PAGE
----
One of the problems a great power faces is how to handle situations where two or more allies quarrel and adopt antagonistic policies towards each other. The United States faces that challenge now, as Japan and the Republic of Korea (ROK) engage in escalating disputes involving both economic and security issues. Their spats could scarcely come at a worse time. President Trump is pursuing a delicate policy of rapprochement with North Korean leader Kim Jong-un. For that initiative to have even a reasonable chance of success, both Tokyo and Seoul need to be supportive and not undermine Washington’s approach.
This is hardly the first time that an American leader has dealt with headaches caused by allies or security dependents that seem to loathe each other. Since Turkey and Greece joined NATO in 1952, they have frequently pursued conflicting foreign policy goals—most notably with respect to the Bosnia and Kosovo conflicts in the 1990s. Worse, they have nearly come to blows on several occasions. The worst incident occurred in 1974 when the military junta ruling Greece helped unseat the moderate president of neighboring, majority-Greek Cyprus in a bid to orchestrate a merger of the two countries. Turkey responded by invading Cyprus on the pretext of protecting the Turkish ethnic minority there, and proceeded to occupy nearly 40 percent of the island, expelling the Greek inhabitants. Washington was barely able to prevent a war. Even before the Cyprus incident, Turkey had made a habit of sending its warplanes into Greek airspace, stoking tensions. These antagonisms continue even now: there were some 36 violations on a single day in December 2018.
A desire to preserve their security ties with the United States against a larger, more powerful potential aggressor was the major factor that inhibited Greece and Turkey from letting their own rivalry spiral out of control. A similar situation exists with Japan and the ROK. During the Cold War, worries about North Korea, China, and the Soviet Union compelled a degree of unity as Washington put both countries behind the U.S. security shield. In the post-Cold War years, concerns over Pyongyang’s volatile behavior muted the animosity between Japan and South Korea.
Nevertheless, there is no love lost between these two countries. Many Koreans have never forgiven Japan for the abuses Tokyo committed between 1910 and 1945 as Korea’s colonial master. Forcing young Korean women into sexual servitude to the Japanese military was only the most egregious of the offenses, and Tokyo’s reluctance to apologize for that outrage and compensate the victims has exacerbated the resentment among South Koreans.
Other quarrels flare up from time to time. One is the simmering territorial dispute over a cluster of small islands that the Japanese call Takeshima and the Koreans call Dokdo. Although the tangible stakes are minimal, the symbolism has resulted in dangerous posturing (including military maneuvers) by both sides on several occasions. The latest petty display erupted when Seoul circulated a map for the upcoming 2020 Olympics showing the islands as part of the ROK. Japanese officials responded with shrill protests.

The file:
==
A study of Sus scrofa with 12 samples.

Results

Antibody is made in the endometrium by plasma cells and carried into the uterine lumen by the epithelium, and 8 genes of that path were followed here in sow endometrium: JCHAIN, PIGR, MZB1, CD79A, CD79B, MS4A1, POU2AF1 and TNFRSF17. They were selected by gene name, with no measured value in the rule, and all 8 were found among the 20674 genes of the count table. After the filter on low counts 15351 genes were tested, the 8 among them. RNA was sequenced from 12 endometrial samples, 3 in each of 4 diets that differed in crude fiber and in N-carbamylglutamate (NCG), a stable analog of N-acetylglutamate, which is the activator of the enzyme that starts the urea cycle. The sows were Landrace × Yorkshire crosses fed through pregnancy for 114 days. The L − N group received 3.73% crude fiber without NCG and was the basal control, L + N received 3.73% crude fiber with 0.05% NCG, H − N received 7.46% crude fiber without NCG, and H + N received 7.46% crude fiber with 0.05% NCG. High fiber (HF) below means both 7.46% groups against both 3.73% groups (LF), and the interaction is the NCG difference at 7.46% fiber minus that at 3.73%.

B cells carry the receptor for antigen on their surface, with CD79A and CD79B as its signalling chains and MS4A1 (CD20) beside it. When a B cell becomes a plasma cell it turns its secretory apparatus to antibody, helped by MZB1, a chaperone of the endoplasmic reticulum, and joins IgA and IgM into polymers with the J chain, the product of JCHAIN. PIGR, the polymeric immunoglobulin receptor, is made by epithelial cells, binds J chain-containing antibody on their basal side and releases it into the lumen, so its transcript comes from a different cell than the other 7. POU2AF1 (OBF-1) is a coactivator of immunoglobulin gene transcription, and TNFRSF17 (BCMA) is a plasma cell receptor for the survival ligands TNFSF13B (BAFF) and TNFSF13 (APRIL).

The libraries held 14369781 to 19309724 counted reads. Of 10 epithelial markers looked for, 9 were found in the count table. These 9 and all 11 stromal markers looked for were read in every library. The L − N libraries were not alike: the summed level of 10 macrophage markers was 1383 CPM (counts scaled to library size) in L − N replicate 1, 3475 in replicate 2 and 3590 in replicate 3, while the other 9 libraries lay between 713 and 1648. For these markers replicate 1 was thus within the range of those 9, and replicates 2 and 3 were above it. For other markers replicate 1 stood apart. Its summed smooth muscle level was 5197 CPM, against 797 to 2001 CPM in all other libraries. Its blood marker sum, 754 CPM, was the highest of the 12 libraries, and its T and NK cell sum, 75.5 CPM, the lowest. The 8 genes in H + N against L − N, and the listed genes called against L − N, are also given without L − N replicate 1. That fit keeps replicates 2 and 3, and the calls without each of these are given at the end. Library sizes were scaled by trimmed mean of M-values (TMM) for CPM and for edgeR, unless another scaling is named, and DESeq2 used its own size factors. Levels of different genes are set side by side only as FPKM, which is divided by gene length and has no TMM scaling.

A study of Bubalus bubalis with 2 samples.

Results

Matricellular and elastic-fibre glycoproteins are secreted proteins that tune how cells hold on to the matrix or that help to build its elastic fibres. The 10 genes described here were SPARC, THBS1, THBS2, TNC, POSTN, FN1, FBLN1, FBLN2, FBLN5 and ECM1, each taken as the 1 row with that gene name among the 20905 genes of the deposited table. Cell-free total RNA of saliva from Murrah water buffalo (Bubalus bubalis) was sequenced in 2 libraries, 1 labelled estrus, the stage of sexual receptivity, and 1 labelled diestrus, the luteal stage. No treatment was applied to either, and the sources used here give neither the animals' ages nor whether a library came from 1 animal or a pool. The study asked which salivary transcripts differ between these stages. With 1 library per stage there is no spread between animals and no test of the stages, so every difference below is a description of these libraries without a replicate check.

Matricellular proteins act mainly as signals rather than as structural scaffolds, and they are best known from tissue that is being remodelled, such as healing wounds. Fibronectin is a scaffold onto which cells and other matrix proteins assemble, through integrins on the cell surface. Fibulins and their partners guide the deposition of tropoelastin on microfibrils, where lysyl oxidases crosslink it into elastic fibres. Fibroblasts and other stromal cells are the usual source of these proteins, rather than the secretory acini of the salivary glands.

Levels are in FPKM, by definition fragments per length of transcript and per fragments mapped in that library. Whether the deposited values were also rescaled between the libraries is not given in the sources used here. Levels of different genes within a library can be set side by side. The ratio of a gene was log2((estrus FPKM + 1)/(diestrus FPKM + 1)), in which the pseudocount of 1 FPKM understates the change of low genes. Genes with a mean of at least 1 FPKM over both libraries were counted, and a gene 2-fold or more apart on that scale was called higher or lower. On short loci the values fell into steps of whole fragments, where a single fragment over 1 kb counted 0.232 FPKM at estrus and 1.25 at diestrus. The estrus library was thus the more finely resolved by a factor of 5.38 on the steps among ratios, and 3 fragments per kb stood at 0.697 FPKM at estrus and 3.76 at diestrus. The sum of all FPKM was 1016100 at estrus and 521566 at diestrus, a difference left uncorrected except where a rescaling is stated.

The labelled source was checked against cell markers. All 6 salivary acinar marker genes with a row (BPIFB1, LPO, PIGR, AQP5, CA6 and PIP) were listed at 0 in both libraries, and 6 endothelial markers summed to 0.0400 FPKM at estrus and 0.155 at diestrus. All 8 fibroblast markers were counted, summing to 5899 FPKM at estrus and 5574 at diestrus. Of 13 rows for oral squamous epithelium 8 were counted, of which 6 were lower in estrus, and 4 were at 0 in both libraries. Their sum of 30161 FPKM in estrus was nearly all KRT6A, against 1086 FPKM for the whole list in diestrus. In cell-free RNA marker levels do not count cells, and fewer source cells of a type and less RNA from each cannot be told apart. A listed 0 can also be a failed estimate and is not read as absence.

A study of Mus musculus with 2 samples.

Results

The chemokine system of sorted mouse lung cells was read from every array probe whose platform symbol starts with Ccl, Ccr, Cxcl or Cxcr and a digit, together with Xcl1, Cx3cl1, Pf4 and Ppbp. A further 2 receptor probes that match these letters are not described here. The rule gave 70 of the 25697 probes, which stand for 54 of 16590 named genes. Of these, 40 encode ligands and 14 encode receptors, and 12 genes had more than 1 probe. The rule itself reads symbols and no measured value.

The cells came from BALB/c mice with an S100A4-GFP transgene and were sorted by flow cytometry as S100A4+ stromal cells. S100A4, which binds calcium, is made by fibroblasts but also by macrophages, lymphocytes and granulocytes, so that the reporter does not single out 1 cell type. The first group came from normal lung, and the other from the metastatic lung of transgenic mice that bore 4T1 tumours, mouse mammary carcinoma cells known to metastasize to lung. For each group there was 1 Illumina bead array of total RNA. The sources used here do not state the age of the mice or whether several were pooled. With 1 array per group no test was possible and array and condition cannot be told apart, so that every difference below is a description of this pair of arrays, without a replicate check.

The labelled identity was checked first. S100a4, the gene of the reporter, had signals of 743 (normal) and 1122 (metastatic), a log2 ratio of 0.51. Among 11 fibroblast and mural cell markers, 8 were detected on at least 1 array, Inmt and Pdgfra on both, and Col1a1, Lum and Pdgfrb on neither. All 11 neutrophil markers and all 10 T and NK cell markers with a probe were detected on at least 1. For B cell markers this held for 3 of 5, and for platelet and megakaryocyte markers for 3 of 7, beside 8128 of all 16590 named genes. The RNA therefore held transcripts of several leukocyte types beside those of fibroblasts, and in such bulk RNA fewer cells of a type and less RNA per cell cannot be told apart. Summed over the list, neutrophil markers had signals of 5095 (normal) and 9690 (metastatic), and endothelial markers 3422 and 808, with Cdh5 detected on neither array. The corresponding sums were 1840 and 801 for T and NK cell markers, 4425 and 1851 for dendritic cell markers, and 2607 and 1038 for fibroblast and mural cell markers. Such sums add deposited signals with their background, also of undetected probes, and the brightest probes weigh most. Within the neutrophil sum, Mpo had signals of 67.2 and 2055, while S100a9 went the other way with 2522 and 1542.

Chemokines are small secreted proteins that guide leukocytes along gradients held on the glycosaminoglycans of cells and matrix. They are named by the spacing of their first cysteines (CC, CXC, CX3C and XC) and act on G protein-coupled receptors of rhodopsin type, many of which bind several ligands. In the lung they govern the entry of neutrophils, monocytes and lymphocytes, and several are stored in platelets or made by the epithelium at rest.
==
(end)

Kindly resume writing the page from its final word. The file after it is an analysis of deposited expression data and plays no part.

As both Japan and the ROK emerged as major players in the global economy, bilateral economic spats became more frequent. Indeed, the current surge of quarrels began primarily in the economic arena. In recent weeks, trade tensions have become especially acute, with Japan moving to eliminate South Korea from the list of countries enjoying minimum restrictions. Seoul has taken that dispute to the World Trade Organization, where the ROK position was greeted with a lack of enthusiasm bordering on indifference.
Such quarrels and their potential for poisoning relations between two allies undoubtedly concern U.S. officials. But the growing gap between the Japanese and Korean positions regarding North Korea may prove to be a more serious worry. With the election of President Moon Jae-in, the ROK has pursued a highly conciliatory policy toward Pyongyang. Indeed, Seoul has prodded the Trump administration to back away from its initial confrontational approach to North Korea. Moon has helped facilitate Trump’s summit meetings with Kim and avidly cheered the easing of tensions.
Japan’s reaction, while officially supportive of Trump’s diplomacy, has been noticeably more subdued. As the second Trump-Kim summit in Hanoi approached in February 2019, Prime Minister Shinzo Abe’s government exhibited distinct signs of uneasiness that it was being bypassed and that important Japanese security interests might be sacrificed. Japan’s military and diplomatic establishments appear less than thrilled about Washington’s budding rapprochement with Pyongyang. The ROK’s own warming relationship with North Korea is generating noticeable frictions between Seoul and Tokyo. Recently, Abe implied that Moon’s government was not enforcing sanctions against Pyongyang, which drew an angry reaction.
All this means the Trump administration will go into the next phase of its dealings with Pyongyang with considerable uncertainty about the unity and common purpose of its two key East Asian allies. In an increasingly dangerous world, that’s a worrying prospect.
Ted Galen Carpenter, a senior fellow in security studies at the Cato Institute and a contributing editor at The American Conservative, is the author of 12 books and more than 800 articles on international affairs.